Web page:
CHINESE investor, Zhang Li, who is president of R&FA is in Zimbabwe to finalise the implementation of a $1 billion resuscitation of the Zimbabwe Iron and Steel Company (Ziscosteel), Southern Eye has learnt.
BY RICHARD CHIDZA
“He is in the country (Zhang left Zimbabwe on Tuesday) and as soon as an agreement is reached, the project should be implemented and this will be in two phases. The investor is ready,” Chinese embassy counsellor, Zhao Boagang said.
Quizzed on why Zimbabwe had not benefitted much from Chinese investments into Africa, Boagang blamed it on Zimbabwe’s toxic investment environment under former President Robert Mugabe.
“For example China has committed over $60 billion in investments and soft loans to Africa, but and indeed the bigger chunk of these has gone to South Africa, Mozambique, Zambia and Tanzania.
“But this is dependent on discussions. We do not just hand-out money. No company or investor says that, it’s dependent on the environment and I must say the situation has improved,” he said.
The Chinese envoy pointed out to electricity, labour and constraints around repatriation of foreign currency as impediments to Chinese investments.
Boagang, however, said Zimbabwe has benefitted from social aid from China.
“Of the $500 million that China has committed to Africa in the past few years, at least a third or more has benefitted Zimbabwe. The Zimbabwean government never complains because they know the details, they are aware. Zimbabwe enjoys a bigger share of the aid and we also provide loans,” the envoy said.
Asked if the Indigenisation and Economic Empowerment regulations were also a reason for the slow pace in implementation of projects between China and Zimbabwe, Boagang said the fact that government was moving to amend the legislation shows it had realised this was bad for business.
“I do not need to answer that. The fact that it is being amended means you have realised that it has its limitations,” he said.
In January, President Emmerson Mnangagwa promised Ziscosteel and Shabani Mashaba Mines, all in the Midlands province would be operational within his first 100 days.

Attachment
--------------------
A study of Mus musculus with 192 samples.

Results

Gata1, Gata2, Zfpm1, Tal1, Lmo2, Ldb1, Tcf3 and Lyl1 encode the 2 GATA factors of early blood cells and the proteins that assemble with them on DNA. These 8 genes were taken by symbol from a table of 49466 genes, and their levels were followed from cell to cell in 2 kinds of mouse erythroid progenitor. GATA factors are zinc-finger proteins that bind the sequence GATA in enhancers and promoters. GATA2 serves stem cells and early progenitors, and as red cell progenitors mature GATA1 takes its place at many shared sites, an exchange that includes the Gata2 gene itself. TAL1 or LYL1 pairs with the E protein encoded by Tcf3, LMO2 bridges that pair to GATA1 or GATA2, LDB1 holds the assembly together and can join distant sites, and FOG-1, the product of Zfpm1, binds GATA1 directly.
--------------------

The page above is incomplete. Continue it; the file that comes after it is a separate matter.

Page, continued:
However, there is still no activity at the two entities that used to provide thousands of jobs and downstream benefits into the economy at their peak.
Ziscosteel, which at its peak had a 5 000-strong workforce, officially closed its doors in 2016 and laid off its remaining workers without terminal benefits.
Most of its infrastructure, equipment and spares have either been vandalised or looted over the years of the company’s redundancy.
In 2006, Indian firm Global Steel Holdings Limited courted Ziscosteel and was to inject $400m in a rehabilitate, operate and transfer arrangement.
However, an investigation by the Parliamentary Portfolio Committee on Foreign Affairs, Industry and International Trade revealed the deal would have disadvantaged Zimbabwe.
In 2011, Essar Africa Holdings’s bid to take-over the moribund parastatal, in a deal worth $750 million, also hit a brickwall due to bickering in the inclusive government.
In response to questions regarding Chinese nationals and individuals accused of externalising funds, Boagang said the embassy would engage both Zimbabwe and those accused of externalisation.
“Some of the issues have already been resolved with the companies and individuals concerned,” he said.